As of Monday, some 300 wildfire were burning across British Columbia. Thirty-seven blazes, 12 per cent of all B.C. fires, are rated as highly visible or a threat to life or property. Several new evacuation orders and alerts were posted over the weekend by regional governments across B.C.’s southern Interior.
As experts are expecting that the water level of the Meuse river will continue to rise until noon and the water has starting flowing over the dyke, the mayor of Maaseik in the Limburg province urged people to stay away.
Germany's most populous state, North Rhine-Westphalia, is in shock. Entire municipalities there have been evacuated, including Heimerzheim, a town of 6,000.
As of Monday evening, no structures had been damaged in the Munson Creek Fire, which was less than a half mile from the popular resort.
According to police sources, flow in the region’s swollen rivers dropped slightly overnight, but that this is likely explained because the air temperature usually drops overnight. Flow is expected to increase again today.
Lytton, British Columbia, broke successive Canadian heat records early this week, with temperatures peaking at 121 degrees on Tuesday. Then the fires swept in.
The remote community of roughly 600 people has been on flood watch for about a week and is the latest of several communities in the Northwest Territories to be affected by historic flooding on the Mackenzie River, caused by the spring breakup.
An ice jam caused by warming spring temperatures near the village of Buckland has left most of the town underwater and cut off access to the airport road. Residents of the village of about 400 people are preparing to evacuate by boat if water levels continue to rise.
Floods, caused by spring river break-up on the Liard and Mackenzie Rivers, have forced residents of the N.W.T. communities of Fort Simpson and Jean Marie River to evacuate. CBC's Eden Maury surveyed both communities from the air on May 10.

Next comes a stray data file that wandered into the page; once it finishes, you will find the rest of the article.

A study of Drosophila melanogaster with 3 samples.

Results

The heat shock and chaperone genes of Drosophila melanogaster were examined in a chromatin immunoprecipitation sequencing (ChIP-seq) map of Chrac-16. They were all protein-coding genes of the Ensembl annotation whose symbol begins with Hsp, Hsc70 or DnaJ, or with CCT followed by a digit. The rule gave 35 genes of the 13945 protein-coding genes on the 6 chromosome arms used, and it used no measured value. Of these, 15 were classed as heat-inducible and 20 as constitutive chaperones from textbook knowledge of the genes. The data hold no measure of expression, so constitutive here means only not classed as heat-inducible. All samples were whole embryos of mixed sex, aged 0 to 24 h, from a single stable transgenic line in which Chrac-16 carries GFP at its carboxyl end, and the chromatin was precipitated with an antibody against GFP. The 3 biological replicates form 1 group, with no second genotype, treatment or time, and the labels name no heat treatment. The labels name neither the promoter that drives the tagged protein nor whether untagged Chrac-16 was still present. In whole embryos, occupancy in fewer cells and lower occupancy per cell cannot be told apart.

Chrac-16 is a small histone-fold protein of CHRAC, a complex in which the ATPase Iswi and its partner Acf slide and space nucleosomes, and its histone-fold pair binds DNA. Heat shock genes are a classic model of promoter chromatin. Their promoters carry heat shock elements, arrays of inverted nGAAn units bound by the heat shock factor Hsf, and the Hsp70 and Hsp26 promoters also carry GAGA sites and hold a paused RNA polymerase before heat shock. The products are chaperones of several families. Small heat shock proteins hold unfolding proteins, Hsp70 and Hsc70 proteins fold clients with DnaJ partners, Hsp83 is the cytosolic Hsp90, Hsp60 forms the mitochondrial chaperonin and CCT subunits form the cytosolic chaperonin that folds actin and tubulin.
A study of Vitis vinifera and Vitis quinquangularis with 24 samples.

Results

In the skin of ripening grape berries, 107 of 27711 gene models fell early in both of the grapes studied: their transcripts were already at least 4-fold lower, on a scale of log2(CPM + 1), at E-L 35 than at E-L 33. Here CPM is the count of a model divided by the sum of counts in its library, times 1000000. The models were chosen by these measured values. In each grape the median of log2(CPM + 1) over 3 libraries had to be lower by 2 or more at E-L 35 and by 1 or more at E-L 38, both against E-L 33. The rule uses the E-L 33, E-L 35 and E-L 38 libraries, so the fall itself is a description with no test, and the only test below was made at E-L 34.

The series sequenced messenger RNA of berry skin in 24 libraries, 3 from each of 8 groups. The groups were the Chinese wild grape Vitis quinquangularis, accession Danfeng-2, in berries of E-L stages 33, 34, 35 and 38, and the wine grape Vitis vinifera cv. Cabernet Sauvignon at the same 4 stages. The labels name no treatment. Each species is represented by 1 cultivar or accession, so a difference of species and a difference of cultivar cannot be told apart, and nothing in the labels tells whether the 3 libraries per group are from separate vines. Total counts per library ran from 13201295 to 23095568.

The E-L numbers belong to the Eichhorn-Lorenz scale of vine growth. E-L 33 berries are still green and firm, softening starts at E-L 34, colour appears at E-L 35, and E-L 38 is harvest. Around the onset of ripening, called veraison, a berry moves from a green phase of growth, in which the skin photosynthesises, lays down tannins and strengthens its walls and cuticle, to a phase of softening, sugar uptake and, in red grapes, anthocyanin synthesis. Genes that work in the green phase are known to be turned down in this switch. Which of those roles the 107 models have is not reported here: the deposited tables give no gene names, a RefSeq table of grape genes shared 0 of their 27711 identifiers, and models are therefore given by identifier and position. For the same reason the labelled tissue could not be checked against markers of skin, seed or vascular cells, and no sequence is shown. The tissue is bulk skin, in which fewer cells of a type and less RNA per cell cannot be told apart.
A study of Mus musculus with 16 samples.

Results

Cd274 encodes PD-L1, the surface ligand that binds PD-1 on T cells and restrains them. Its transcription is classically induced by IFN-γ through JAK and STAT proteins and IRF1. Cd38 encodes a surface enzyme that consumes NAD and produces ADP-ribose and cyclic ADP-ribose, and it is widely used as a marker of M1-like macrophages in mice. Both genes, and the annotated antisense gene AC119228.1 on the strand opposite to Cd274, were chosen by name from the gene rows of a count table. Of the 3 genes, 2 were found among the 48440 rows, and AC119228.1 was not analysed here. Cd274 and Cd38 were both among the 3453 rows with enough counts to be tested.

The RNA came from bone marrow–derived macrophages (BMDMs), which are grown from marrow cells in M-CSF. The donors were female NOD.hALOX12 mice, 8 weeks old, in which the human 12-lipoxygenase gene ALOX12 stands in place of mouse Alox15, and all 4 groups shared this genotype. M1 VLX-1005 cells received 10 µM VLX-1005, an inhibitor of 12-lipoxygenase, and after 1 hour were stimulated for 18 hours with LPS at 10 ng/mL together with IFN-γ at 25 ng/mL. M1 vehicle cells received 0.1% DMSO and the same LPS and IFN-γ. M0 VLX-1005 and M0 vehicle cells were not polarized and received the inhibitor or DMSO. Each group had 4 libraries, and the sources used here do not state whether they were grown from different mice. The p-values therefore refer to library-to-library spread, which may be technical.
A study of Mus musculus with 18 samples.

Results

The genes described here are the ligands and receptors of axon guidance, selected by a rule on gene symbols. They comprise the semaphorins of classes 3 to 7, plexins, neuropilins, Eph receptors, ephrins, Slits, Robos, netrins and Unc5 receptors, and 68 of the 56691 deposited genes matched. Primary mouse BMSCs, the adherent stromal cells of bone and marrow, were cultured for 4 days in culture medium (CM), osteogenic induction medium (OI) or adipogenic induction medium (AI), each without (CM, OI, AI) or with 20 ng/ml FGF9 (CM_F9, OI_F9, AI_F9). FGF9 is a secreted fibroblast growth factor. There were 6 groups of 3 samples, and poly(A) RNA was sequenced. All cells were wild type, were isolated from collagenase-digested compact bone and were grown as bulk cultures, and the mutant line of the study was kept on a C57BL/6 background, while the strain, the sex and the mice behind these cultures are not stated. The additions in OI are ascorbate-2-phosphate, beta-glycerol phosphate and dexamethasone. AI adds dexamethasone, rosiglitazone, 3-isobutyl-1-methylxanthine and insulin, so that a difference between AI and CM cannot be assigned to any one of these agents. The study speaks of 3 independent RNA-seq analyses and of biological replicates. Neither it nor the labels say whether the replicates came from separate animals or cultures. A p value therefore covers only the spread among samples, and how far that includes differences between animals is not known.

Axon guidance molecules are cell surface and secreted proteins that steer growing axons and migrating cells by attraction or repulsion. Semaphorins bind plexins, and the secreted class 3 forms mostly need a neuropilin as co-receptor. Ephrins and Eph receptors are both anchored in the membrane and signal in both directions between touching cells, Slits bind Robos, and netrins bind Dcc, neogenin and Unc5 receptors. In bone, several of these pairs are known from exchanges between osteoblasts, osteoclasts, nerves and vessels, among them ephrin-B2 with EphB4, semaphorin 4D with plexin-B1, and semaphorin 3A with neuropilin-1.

"There's basically people all over the place," Fort Simpson, N.W.T., Mayor Sean Whelly said on Monday morning. A general evacuation order was issued for the community of about 1,200 at about 3 p.m. on Sunday afternoon.
CBC News hasn't been able to reach people in Jean Marie River on Saturday, but Paul Simon was able to find cell phone service on a drive and posted photos of the flood waters on social media.
Sediment that could fill the volume of 112 Olympic-sized pools has been flooding into the Kalamazoo River for over a year. IT's decimating habitats and causing a serious potential for devastating flooding.
Severe snow and dust storms hit Mongolia over the weekend and earlier this week. Wind speeds reached 34 meters per second. The storms and blizzard resulted in the death of nine people and a five-year old child in Dundgovi Province. Hundreds of others have gone missing.
Juneau’s urban avalanche forecast describes “extreme” danger Saturday evening. Centennial Hall will open as an emergency shelter at 8 p.m. Saturday.
There was heavy rainfall yesterday across the region. Rain combined with thawing snow and above-freezing temperatures are conditions that increase the likelihood of landslides. The evacuation from six streets was called “precautionary” as authorities are still evaluating whether the slope was destabilized following December landslides.
In Chefornak, a family was forced to evacuate their home because a sinkhole caused by thawing permafrost formed underneath it. That family had to move into a building intended to be a quarantine facility.
Residents in Seclusion Cove were evacuated Monday night due to a landslide. As residents were warned of the threat, Poulsbo Fire said trees were heard cracking.
The tide of mud and clay destroyed as many as 14 houses in Ask in the municipality of Gjerdrum, some 30km north of Oslo. Hundreds were evacuated and police said 21 people living in the affected area were still unaccounted for. The landslide area is known for its "quick clay", a form of clay that can behave more like a liquid than a solid when disturbed. It is thought heavy rain in recent days may have caused the soil to shift.
After a week of extreme rainfall, devastating landslides have hit the town of Seyðisfjörður in east Iceland. Another large mudslide hit several buildings in town around three pm, sweeping at least one building away.
Nearly 12 inches of rain fell on the town of Pelican in 48 hours, and all-time records were set in Juneau, Skagway, Haines, Petersburg and Ketchikan. The City of Haines is sending alerts about the immediate danger of landslides.